After the announcement that Rick Wagoner is being forced out, the Panjiva team decided to take another look at shipments to GM from their global suppliers. About 10 days ago, we described the drop in shipments to GM from September of 2007 to January of 2009. It turns out, from January to February of this year, there was a further 6% drop in shipments to GM. Compared to February of last year, the number of shipments to GM is off 42%.
Methodological note: though this graph looks much the same as the previous GM graph (i.e., massive drop-off), there is an important difference. It turns out that we have data on shipments to GM’s Mexican operations, and this time around, we included these shipments in our analysis… Hence, more shipments across all time periods.
Today, the Wall Street Journal announced that the domestic auto suppliers are getting help. The Panjiva research team is looking into these domestic auto suppliers. In the meantime, take a look at the data on the Big Three’s relationships with their overseas suppliers. Indeed, shipments from overseas suppliers to the Big Three have dropped precipitously:
- In July of 2007, Ford received received 914 shipments from overseas suppliers. By January of 2009, this number had dropped to 514 shipments… a 44% decline from its July 07 peak.
- In September of 2007, GM received received 223 shipments from overseas suppliers. By January of 2009, this number had dropped to 84 shipments… a 62% decline from its September 07 peak.
- In November of 2007, Chrysler received received 342 shipments from overseas suppliers. By January of 2009, this number had dropped to 38 shipments… an 89% decline from its November 07 peak.
(If you compare January 09 to January 08, the declines are 25%, 50%, and 71%, respectively.)
These massive drop-offs in shipments from suppliers are indicative of diminished Big Three expectations about future sales. Not to be underestimated is the impact that these drop-offs will have on suppliers. Many of the Big Three’s overseas suppliers (132) were on Panjiva’s Watch List as of the end of January, as a result of suffering a 50% decline in volume shipped to U.S. customers in the most recent three month period versus the same period a year ago. That’s about 16% of the Big Three’s overseas suppliers.
Those charged with assisting the auto industry are right to worry about the health of suppliers. Even if consumer demand picks up, the Big Three will not survive if their supply chains disappear. However, it’s not just domestic suppliers that are in trouble right now — overseas suppliers are in trouble too.
PDF: Panjiva Analysis of Big Three Imports
Remember when American officials were worried about the safety of Chinese exports? How quickly the tables have turned. Chinese premier Wen Jiabao is “worried” about the “safety” of America’s most dangerous export: U.S. Treasury bonds.
Five months ago, I wrote about the parallels between China’s product safety crisis and America’s financial crisis. Today, there’s not much discussion about the safety of Chinese exports. Wouldn’t it be nice if, five months from now, no one’s worried about the safety of U.S. Treasuries?
Last month, we released data that highlighted the impact of the economic downturn on manufacturers around the world. This month the Panjiva research team focused on U.S. buyers, in order to get a sense of how many are exposed to significant risk by virtue of doing business with troubled manufacturers.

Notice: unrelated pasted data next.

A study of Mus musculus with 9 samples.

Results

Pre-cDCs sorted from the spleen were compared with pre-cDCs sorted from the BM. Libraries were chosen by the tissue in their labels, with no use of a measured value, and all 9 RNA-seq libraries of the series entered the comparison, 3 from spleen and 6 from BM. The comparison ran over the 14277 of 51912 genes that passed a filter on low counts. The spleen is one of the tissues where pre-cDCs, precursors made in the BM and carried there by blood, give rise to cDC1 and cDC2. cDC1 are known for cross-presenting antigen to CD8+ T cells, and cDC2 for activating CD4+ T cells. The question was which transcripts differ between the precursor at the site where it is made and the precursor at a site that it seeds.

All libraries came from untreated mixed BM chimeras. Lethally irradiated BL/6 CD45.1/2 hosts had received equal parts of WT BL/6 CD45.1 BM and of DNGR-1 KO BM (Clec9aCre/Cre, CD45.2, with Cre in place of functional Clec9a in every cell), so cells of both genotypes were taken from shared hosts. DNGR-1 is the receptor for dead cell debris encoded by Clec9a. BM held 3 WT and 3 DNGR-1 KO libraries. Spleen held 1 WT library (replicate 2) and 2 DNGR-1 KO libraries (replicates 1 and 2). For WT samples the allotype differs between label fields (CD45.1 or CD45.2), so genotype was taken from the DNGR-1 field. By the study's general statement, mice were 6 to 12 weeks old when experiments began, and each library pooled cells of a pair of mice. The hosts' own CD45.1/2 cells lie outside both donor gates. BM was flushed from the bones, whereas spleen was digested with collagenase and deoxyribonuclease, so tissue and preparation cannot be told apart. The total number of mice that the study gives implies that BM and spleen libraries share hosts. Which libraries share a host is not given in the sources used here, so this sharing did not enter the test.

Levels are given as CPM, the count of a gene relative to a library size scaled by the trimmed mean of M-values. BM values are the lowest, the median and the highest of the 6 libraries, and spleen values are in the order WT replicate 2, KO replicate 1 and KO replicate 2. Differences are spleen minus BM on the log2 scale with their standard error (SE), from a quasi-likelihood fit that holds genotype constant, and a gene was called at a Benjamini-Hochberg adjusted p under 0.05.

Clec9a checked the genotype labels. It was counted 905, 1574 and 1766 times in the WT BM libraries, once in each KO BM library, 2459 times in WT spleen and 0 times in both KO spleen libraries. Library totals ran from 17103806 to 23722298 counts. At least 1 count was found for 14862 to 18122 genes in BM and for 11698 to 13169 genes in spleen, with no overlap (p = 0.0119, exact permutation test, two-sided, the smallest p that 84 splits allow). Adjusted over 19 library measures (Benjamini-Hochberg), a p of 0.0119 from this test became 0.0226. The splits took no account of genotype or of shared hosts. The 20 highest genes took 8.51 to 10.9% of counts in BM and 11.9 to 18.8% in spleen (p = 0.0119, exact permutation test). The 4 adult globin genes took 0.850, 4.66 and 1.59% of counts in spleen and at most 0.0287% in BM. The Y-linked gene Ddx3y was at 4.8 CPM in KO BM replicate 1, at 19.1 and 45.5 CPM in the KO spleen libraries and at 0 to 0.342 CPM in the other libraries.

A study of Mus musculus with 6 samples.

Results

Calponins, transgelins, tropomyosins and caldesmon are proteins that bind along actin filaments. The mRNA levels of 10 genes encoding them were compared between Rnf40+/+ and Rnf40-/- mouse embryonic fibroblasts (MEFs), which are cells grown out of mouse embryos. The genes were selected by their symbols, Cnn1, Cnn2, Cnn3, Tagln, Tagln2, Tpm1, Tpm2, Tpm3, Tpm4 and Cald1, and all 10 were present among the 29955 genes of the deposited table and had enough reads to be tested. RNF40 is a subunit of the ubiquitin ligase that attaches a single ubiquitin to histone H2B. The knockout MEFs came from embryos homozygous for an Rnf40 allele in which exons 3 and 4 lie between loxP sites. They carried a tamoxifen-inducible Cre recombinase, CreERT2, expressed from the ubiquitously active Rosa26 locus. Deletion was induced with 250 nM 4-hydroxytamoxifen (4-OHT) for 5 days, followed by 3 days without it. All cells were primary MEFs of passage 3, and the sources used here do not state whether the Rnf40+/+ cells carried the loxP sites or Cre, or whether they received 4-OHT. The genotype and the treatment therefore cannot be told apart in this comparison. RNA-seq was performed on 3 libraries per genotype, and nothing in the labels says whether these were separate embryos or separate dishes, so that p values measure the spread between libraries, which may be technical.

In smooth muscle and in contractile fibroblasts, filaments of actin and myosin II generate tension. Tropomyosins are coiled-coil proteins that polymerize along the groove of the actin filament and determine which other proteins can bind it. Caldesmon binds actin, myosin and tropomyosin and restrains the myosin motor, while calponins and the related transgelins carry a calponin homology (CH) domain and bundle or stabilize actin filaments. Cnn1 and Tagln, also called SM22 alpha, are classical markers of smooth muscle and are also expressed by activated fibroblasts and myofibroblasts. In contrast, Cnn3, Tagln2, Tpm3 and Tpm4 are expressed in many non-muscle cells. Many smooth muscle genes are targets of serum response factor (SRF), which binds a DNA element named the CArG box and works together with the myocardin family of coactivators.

Specifically, we focused on the most active U.S. buyers — those receiving 10 or more shipments in the last year. It turns out that more than 1 in 3 of these buyers maintains an active relationship with an overseas manufacturer that is on Panjiva’s Watch List (as a result of suffering a 50% decline in volume shipped to U.S. customers during the most recent 3 month period, versus the same period a year ago).
- 28% of significant manufacturers (those sending 10 or more shipments to U.S. buyers in the last year) are on Panjiva’s Watch List.
- 38% of significant buyers received a shipment from a Watch List manufacturer within the last three months.
- 47% of significant buyers received a shipment from a Watch List manufacturer within the last six months.
As we look higher up the food chain, the numbers are even scarier:
UPDATE, 9 AM — I just shared these numbers with a supply chain manager at a major retailer; he responded:
“Interesting. Seems reasonable though given the number of suppliers I’ve seen go bankrupt recently…the worst part is they never even tell you they are in trouble or gone…they just disappear…”
Pessimistic, if not terribly surprising, 2009 predictions from the World Bank:
- Global economy will shrink for first time since World War II
- Global trade will shrink for the first time since 1982
If 2009 turns out the way that the World Bank predicts, it will be the year which illustrates both the success and failure of 20th century globalization. The success was in stitching the world’s economies together, so that a rising tide would lift all boats. The failure was either of imagination of or of will. Either we couldn’t conceive that all boats might sink at once — or we couldn’t muster the political will to create a mechanism for effectively responding to a global economic meltdown. Politicians will likely claim it was the former, but I think it was the latter.
Thanks to Cody for flagging this item from Supply Chain Digest. IBM has released a report on the issues that supply chain executives are most worried about. At the top of the list: supply chain visibility. Second on the list: supply chain risk.
Apparently, this is consistent with what the team at Supply Chain Digest has been hearing. And it’s totally consistent with what we’ve been hearing from our customers.
For more from IBM, consider taking a trip to Brussels.